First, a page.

Match 2 v SACS
In order to afford an opportunity for all the squad to participate again it was planned that the ‘A’ teams would play in the first and third ‘chukkas’, with the younger members of the squad battling it out against SACS ‘B’ in-between. Given the reputation of the host side you could almost be forgiven for expressing some kind of surprise at the way Framlingham set about their work in the opening third as continuity and courage combined to provide the platform for Engelbrecht to shrug off several tacklers before galloping to the line. Gooderham couldn’t add the extras, but the first session ended with Framlingham cherishing a 5-0 lead. The ‘B’ team found the physicality of the South Africans rather tougher and as bodies were stretched in defence the gaps began to appear allowing the hosts to canter in five unanswered tries. The final third saw the two ‘A’ sides continue their confrontation. Encouraged by the success of their ‘B’ string the SACS’ side began brightly, but were continually tested by the hard running Yeats, Walwanda and Gooderham. Their counter attacking game provided rich dividends however as they ran in two further ties from deep and only desperate defence prevented further breaches. The match wasn’t over however and as time slipped by, Goldsmith intercepted deep in his own half to outpace the trailing defenders and score under the posts reducing the deficit to 12-7 by the final whistle.
Whether you combine all three scores or keep the ‘A’ and ‘B’ team scores separate, doesn’t really matter in terms of the overall outcome. The boys all came together as one after the game to embrace and celebrate with new friends; mutual respect enhanced. Still buoyed by the manner of their performance, the squad then departed for a second night with billets free to unwind and enjoy the generous Cape hospitality.
After checking out of the Hotel Graeme, the party made the now familiar walk to the Waterfront to buy presents and enjoy the visit the aquarium. Several also took the opportunity to tour the harbour on ‘Tommy the Tugboat’ much to the amusement of both passengers and onlookers alike! The party was then transferred to the picturesque SACS High School in Newlands for training and to meet their hosts for the first night’s billeting.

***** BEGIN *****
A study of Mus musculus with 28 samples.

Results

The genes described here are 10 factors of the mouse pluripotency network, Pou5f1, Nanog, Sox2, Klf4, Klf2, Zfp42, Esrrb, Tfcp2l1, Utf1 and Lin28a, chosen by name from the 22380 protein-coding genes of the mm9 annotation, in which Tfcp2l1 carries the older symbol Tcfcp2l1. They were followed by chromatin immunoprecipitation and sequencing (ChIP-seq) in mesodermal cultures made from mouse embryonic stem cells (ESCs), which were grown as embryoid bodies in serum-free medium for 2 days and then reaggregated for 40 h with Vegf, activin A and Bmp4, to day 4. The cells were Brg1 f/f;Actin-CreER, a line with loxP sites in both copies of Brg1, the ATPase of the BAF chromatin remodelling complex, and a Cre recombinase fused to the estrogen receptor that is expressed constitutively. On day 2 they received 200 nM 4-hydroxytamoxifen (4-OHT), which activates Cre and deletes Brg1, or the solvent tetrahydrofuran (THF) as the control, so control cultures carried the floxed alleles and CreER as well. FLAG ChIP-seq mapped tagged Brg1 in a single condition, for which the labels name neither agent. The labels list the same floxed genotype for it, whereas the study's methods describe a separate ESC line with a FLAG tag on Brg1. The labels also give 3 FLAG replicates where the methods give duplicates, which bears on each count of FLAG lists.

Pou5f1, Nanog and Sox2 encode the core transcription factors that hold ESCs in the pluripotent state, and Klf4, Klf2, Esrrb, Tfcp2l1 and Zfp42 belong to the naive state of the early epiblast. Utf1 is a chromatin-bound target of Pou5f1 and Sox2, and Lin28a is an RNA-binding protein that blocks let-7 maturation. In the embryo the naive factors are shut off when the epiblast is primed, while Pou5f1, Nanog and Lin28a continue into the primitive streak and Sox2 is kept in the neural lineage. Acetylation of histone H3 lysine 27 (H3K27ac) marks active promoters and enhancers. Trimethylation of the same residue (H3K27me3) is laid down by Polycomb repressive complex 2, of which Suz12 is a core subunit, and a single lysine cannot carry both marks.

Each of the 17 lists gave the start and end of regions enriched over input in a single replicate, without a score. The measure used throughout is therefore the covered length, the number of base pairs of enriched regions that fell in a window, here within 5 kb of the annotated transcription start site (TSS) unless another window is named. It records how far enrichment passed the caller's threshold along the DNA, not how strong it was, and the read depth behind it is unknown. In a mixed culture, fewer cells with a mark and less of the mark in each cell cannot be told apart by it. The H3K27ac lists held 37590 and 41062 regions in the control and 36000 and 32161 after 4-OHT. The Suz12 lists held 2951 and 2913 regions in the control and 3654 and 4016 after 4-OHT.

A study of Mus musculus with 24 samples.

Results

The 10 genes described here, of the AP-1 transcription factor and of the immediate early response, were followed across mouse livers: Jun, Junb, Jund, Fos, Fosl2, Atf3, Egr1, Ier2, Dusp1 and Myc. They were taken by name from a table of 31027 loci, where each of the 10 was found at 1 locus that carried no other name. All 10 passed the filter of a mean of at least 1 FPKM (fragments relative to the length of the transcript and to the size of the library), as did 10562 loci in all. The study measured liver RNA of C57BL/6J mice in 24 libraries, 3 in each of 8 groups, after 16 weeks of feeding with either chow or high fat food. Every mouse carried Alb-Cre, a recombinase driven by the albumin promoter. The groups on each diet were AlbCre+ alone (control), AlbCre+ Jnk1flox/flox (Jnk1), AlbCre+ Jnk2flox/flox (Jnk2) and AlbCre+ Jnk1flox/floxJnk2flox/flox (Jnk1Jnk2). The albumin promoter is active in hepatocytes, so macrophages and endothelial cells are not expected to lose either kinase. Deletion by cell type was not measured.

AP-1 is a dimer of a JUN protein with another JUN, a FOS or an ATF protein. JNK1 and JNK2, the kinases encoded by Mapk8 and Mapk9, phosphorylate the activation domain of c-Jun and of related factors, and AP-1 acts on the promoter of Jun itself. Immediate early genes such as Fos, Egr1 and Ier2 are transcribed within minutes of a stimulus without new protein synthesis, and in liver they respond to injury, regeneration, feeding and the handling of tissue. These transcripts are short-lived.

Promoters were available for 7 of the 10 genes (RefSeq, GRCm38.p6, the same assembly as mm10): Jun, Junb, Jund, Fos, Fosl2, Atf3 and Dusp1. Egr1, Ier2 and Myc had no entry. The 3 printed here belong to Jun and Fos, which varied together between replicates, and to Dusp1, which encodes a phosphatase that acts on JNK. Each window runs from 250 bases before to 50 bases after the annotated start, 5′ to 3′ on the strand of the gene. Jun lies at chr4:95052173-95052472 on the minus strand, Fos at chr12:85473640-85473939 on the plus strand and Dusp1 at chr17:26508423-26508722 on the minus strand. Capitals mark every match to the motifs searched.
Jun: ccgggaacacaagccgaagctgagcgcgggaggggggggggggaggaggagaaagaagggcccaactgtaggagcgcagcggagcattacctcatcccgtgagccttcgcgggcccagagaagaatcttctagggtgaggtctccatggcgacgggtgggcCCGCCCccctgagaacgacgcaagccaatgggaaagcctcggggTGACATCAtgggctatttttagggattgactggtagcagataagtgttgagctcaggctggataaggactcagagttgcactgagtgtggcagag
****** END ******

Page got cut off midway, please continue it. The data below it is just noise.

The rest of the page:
Match day against Lagunya Rugby Football Club arrived in a deluge of rain. 65 families in the township were evacuated as their homes were flooded overnight and it was understandable when the opposition failed to arrive in time for a 9.00am kick-off. The opportunity to play and visit the township is a valuable one and despite the conditions underfoot the match proceeded as planned.
Ben Mountford’s try was scant reward for enjoying the lion’s share of the possession and it was almost inevitable that several squandered chances would be punished. Nevertheless, almost all the squad enjoyed their first taste of competitive rugby for several months and the 7-7 score-line at least provided some confidence for the tests ahead.
After presenting Lagunya Rugby Club with generously donated kit and equipment the tour party were then to witness the great cultural divide in South Africa. A tour of the township was followed by lunch at La Lapa Restaurant where Goldsmith, Anthony, Thorne, Schwier and Welsh helped provide the musical entertainment!
The evening entertainment came in the form of a Currie Cup rugby match at Newlands stadium between Western Province and Natal.
With the weather forecast looking decidedly British (rain due for the weekend) the squad assembled at Gardens Tech Rugby Club for their first training session. Nestled at the foot of the slope of Table Mountain and high above the city, the club afforded a most spectacular backdrop to the real business of preparing for the first match in the township tomorrow.
The recovery session was considered rather unorthodox by the locals as the squad took to the unheated outdoor pool on the Seapoint beachfront. Joining the wetsuit clad Africans for a dip certainly raised a few eyebrows and helped bring the squad closer together. The final event of the day was a meal at the V&A Waterfront , before an early night.
After a rather restless night on board our flight to Johannesburg, the tour party stretched their legs to await the connecting flight to the Cape. Bradley McManus (Gap Student four years ago) dropped in to say hello while we also awaited the arrival of our final tourist, Chris Walwanda, from Kenya. With our numbers at full strength we completed the final leg of the journey to discover Cape Town bathed in glorious sunshine and were treated to breathtaking views as the sun set on Table Mountain. Having eaten their fill, the weary squad returned to the hotel eager for the rugby to begin.
It was with great anticipation that the squad gathered at the College on Wednesday morning for the final checks and preparation before departure for Cape Town. There was little to report from the journey other than the addition of Roman Engelbrecht who joined us at Heathrow.